In the spirit of a don’t-let-the-terrorists-win response to the GNAA’s recent siege of Tumblr – though I’m not very much in disagreement with them – here’s a new blog post (cross-posted from Goodreads) and an avowal of more to follow.
Disdain for unimpressive logic which trades on randomly associated anecdotes to prop up banal conclusions that don’t quite follow yet are presented breathlessly as amazing and insightful is the hallmark of irritating encounters of the intoxicated by the sober observer, but for whatever reason if the intoxicant is not a botanical herb or fermented liquid but properly syntactic strings of text inside a widely publicized bestseller we go right in for the contact high, which is what makes such nonfiction prose much more insidiously dangerous than taboo narcotics.
The very things lauded about this book are the reasons it should cause more alarm and suspicion than adoration or enjoyment: ease of digestion and abundance of storytelling. Malcolm Gladwell’s short second-person sentences read rather like a motivational speech, with typical signpost turns of phrase that lead inexorably into his conclusions, which are thus arrived at purely through structural format in place of serious evidence. His storytelling is pleasant enough, though it is very sparsely sketched and colorless for detailed journalism or any other type of informative writing, which is important to a more critical viewer because that colorlessness implies that he feels there is no need to fully describe characters or situations (e.g. it is a given that Bill Gates is one of the best minds in computing rather than an unoriginal and parasitic opportunist; it is a given that top universities are bastions of free thought and creativity rather than the oppressive ivory-tower conformity coercers that crazy Christopher Langan [with his genius IQ] thinks they are) because he can comfortably operate with what “we all already know” no matter its actual untruth.
Then too with his nifty-tale and scientific-study-summary delivery mechanism can he have you swallowing such sugary ideas as plane crashes being caused by obsolete cultural practices of foreign peoples. The pilot star of this chapter’s anecdote complains of extreme fatigue forced upon him by overlong shifts, but as business discourse teaches us, upper management knows best, so better to focus on problems like native language use that can be solved by high-level corporate consultants than trivialities that the employees might (myopically, of course) complain about in regard to their direct working conditions. One can similarly come up with alternate explanations for math performance and perseverance (such as a sense of social shame, possibly related to a different view of society and equality) as well as school performance and reading ability which are not permitted by the cheerful guidance of Gladwell’s arguments – none of which seem to require very precise footnotes, for after all his points are bolstered by rather bold leaps of unmerited and undocumented confidence in his reduction of a multitude of data readings into one.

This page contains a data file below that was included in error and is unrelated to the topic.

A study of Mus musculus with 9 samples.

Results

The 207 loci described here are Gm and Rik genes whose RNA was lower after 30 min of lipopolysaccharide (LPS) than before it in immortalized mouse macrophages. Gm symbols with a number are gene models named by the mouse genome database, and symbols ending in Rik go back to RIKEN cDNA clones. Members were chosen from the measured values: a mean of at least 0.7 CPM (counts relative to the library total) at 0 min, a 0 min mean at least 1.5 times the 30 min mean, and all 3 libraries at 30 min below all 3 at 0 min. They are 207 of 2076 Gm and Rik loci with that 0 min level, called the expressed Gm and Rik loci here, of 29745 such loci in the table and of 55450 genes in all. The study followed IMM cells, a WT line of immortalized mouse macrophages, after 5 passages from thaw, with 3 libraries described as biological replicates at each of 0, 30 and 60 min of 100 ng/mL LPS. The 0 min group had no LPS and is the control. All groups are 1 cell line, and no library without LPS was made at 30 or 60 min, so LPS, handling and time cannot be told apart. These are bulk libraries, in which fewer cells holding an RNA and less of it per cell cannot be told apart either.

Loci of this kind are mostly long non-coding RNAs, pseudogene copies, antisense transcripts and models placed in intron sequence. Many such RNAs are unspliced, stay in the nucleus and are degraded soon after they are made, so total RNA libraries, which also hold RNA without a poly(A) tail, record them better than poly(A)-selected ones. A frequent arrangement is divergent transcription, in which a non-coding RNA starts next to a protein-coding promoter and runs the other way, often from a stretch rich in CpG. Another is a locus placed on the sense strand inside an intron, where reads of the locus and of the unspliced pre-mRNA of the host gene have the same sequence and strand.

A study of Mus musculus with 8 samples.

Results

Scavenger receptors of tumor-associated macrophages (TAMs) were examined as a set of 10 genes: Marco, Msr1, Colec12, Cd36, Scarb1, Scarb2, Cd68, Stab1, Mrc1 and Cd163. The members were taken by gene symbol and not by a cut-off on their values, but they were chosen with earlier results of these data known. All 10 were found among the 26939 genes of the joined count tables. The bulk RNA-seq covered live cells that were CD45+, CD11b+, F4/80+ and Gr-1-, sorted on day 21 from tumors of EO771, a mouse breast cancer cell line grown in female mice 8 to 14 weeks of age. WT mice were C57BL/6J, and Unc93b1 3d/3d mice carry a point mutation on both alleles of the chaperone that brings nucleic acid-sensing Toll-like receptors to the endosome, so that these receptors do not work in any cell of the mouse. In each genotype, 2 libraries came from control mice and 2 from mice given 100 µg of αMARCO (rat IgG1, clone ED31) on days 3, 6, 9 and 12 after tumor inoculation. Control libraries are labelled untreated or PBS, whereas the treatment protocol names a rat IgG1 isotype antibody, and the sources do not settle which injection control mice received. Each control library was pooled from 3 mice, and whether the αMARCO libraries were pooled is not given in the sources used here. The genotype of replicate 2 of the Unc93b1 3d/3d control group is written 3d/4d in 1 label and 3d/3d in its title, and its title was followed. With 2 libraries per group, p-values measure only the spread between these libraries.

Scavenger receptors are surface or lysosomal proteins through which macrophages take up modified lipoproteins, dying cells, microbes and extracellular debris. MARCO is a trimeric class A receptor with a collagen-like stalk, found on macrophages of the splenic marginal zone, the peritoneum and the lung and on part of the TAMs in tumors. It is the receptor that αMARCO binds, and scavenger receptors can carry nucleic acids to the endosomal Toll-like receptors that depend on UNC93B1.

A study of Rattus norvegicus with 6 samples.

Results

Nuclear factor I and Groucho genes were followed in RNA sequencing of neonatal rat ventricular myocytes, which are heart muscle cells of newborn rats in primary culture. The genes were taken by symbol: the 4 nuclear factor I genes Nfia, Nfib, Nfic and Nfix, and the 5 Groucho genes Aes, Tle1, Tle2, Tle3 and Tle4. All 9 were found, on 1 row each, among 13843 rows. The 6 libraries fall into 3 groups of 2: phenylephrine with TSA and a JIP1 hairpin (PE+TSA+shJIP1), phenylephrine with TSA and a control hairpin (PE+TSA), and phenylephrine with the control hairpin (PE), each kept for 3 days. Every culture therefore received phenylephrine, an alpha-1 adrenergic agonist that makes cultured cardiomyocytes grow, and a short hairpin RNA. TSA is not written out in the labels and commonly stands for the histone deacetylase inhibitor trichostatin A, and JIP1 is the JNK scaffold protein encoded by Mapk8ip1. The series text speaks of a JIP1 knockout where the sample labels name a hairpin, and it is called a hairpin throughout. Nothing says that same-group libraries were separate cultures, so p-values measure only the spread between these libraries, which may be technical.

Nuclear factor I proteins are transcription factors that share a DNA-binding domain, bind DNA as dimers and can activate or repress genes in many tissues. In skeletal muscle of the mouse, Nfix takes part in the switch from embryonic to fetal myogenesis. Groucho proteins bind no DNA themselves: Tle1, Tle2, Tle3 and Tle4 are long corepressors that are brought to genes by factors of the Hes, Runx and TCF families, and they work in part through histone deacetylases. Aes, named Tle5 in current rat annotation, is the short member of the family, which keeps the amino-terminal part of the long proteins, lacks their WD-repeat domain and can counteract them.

The deeper criticism of the book, though, is the whole notion of the outlier and the successful person, because it continues the popular reification of wealth, prestige, fame and single-mindedness as the elements of greatness. In other words, quantifiability and sellability define worth, rather than profundity of critique or aesthetic appreciation or novelty or exploration or freedom – hence the advocacy of six-day-a-week twelve-to-fourteen-hour stints at the schoolhouse to raise those test scores and lift those poor poor people up out of their misery, after all “Arbeit Macht Frei” as they say. (Gladwell could easily argue for the reinstitution of slavery, with warm expository passages about singing poignant spirituals in the Alabama sunlight, rhetorical questions about how the South produces so much cotton so well, finally answering himself by lauding the “particular set of circumstances” that allowed certain people in the right place at the right time a considerable amount of experience to acquire skill at efficiently picking crops.) There is something much more interesting and admirable about Langan’s iconoclastic quest to know the nature of the universe on and with his own terms, but this seems to merit pity if not scorn in the book’s scheme of success because Langan is not raking in millions or winning Nobel Prizes, which is how the newsmen tell us who and what we’re supposed to pay attention to.
Much more can be learned from any novel than from this and many similar nice-story nonfiction bestsellers because the novel lets us draw our own conclusions and wisdom without masquerading as solid truth; besides the novel is much less likely to memetically infect speech with the irritating buzzphrases and trains of thought that pepper the latter, which means one’s reeling drunkenness can more readily be avoided.